IMAGING: DIGITAL MAMMOGRAPHY
COMMON QUESTIONS
Q.
What does "dense breast tissue"" mean or indicate?
A.
We notify you of your breast tissue density after each mammogram. The significance of breast density varies depending on your age and health history. Mammography – even digital mammography – does not image dense breast tissue as clearly as typical tissue. Because of this, depending on your risk for breast cancer, your physician may recommend ultrasound or MRI screenings of your breasts instead of mammography. You can use this tool to assess your breast cancer risk. Read more about density here.
Q.
Are there certifications for this procedure?
A.
Oregon Imaging Centers is MQSA-certified, which confirms we meet all the requirements of the Mammography Quality Standards Act. The standards for the Center of Excellence certification are particularly rigorous. This certification is awarded to breast imaging centers that achieve excellence by seeking and earning accreditation in all of the American College of Radiology's voluntary breast-imaging accreditation programs and modules, in addition to the mandatory Mammography Accreditation Program.
Q.
If 3D mammography is so much more accurate than 2D, why would I choose to have standard, 2D mammography?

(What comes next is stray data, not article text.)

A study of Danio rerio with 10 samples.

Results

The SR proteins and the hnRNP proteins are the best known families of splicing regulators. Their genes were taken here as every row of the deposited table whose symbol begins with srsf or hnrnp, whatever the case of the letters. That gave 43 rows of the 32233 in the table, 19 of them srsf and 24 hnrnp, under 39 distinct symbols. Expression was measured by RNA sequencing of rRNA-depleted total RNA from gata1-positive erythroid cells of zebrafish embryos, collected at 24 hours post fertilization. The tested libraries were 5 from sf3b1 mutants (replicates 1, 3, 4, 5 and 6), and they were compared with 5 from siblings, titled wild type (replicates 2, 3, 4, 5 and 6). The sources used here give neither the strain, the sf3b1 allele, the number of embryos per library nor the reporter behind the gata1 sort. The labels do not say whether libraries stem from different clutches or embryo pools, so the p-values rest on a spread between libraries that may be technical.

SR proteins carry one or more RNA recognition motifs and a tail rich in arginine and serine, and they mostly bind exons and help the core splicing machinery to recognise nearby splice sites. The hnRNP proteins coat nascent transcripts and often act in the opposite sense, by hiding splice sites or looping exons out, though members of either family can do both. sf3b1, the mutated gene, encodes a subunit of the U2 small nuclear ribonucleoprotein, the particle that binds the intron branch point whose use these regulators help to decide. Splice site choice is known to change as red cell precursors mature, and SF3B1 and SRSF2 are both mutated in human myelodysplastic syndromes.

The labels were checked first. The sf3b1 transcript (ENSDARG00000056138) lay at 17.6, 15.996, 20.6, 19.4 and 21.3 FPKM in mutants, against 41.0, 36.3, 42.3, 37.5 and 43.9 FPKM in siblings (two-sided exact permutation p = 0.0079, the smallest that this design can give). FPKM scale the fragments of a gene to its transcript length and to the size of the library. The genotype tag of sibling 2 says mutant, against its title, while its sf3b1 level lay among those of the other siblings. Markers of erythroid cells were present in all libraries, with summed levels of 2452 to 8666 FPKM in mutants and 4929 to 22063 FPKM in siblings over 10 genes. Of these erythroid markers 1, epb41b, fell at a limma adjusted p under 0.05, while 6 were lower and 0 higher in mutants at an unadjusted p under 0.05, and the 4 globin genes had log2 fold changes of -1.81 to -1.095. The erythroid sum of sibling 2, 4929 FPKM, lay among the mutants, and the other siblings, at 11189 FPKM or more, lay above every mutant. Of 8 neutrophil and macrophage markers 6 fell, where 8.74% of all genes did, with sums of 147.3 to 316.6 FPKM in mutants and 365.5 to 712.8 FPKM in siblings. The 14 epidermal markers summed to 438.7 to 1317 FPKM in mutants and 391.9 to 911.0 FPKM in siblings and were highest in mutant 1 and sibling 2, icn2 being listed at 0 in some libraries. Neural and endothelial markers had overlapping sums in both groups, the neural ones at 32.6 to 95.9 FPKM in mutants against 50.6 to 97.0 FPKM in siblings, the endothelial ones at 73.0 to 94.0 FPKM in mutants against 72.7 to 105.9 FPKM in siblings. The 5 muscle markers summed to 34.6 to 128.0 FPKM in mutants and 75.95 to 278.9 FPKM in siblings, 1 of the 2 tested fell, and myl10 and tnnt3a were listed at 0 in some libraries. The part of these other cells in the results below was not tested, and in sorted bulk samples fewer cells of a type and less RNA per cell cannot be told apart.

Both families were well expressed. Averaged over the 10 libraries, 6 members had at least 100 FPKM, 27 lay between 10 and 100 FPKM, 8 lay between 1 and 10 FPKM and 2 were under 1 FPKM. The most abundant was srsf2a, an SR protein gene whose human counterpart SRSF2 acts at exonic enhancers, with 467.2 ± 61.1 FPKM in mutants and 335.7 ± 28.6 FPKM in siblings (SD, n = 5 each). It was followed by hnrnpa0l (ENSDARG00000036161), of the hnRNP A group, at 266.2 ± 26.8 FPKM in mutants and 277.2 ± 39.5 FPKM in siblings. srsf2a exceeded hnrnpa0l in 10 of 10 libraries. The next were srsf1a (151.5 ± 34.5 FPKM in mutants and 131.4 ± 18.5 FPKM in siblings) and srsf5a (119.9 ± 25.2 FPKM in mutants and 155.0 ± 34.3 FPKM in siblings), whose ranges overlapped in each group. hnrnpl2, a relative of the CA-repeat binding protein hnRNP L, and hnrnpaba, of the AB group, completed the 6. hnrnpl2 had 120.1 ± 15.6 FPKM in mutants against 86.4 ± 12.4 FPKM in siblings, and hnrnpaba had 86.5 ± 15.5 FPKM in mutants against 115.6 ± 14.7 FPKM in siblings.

A.
The most common reason to opt for 2D is that your insurance may not cover a 3D screening and analysis. There are two components to a mammogram bill: the imaging and the interpretation. Make sure your insurance provider will cover both. You can certainly have a 3D mammogram without coverage, but contact us to avoid billing surprises.
Q.
Why does the mammogram require applying such pressure to my breasts?
A.
Breast tissue is composed of super-imposed glandular tissue. Compression is used to keep each breast from moving, to reduce the amount of radiation used for the exposure, and to spread the breast tissue, making it easier to detect small cancers. Compression can make the difference between finding and missing a tiny cancer.
Q.
What is the recommended age for annual mammograms?
A.
If you are age 40 or over, you should have an annual mammogram. The only exception to this is if you have a family history of breast cancer, in which case you should discuss a schedule with your physician, and plan to start your mammograms earlier. Read more about why 40 is the best time to start annual screenings.
Q.
What can I do to make the experience more comfortable?
A.
If you have sensitive breasts, take Advil or Tylenol in advance of your appointment. If you are pre-menopausal and have breast pain related to your menstrual cycle, you may want to schedule your screening mammogram for the week following your period when breast tissue may be less tender. If possible, avoid scheduling your mammogram the week prior to your period. If you wear a two-piece outfit, you will be able to wear your pants or skirt during the procedure.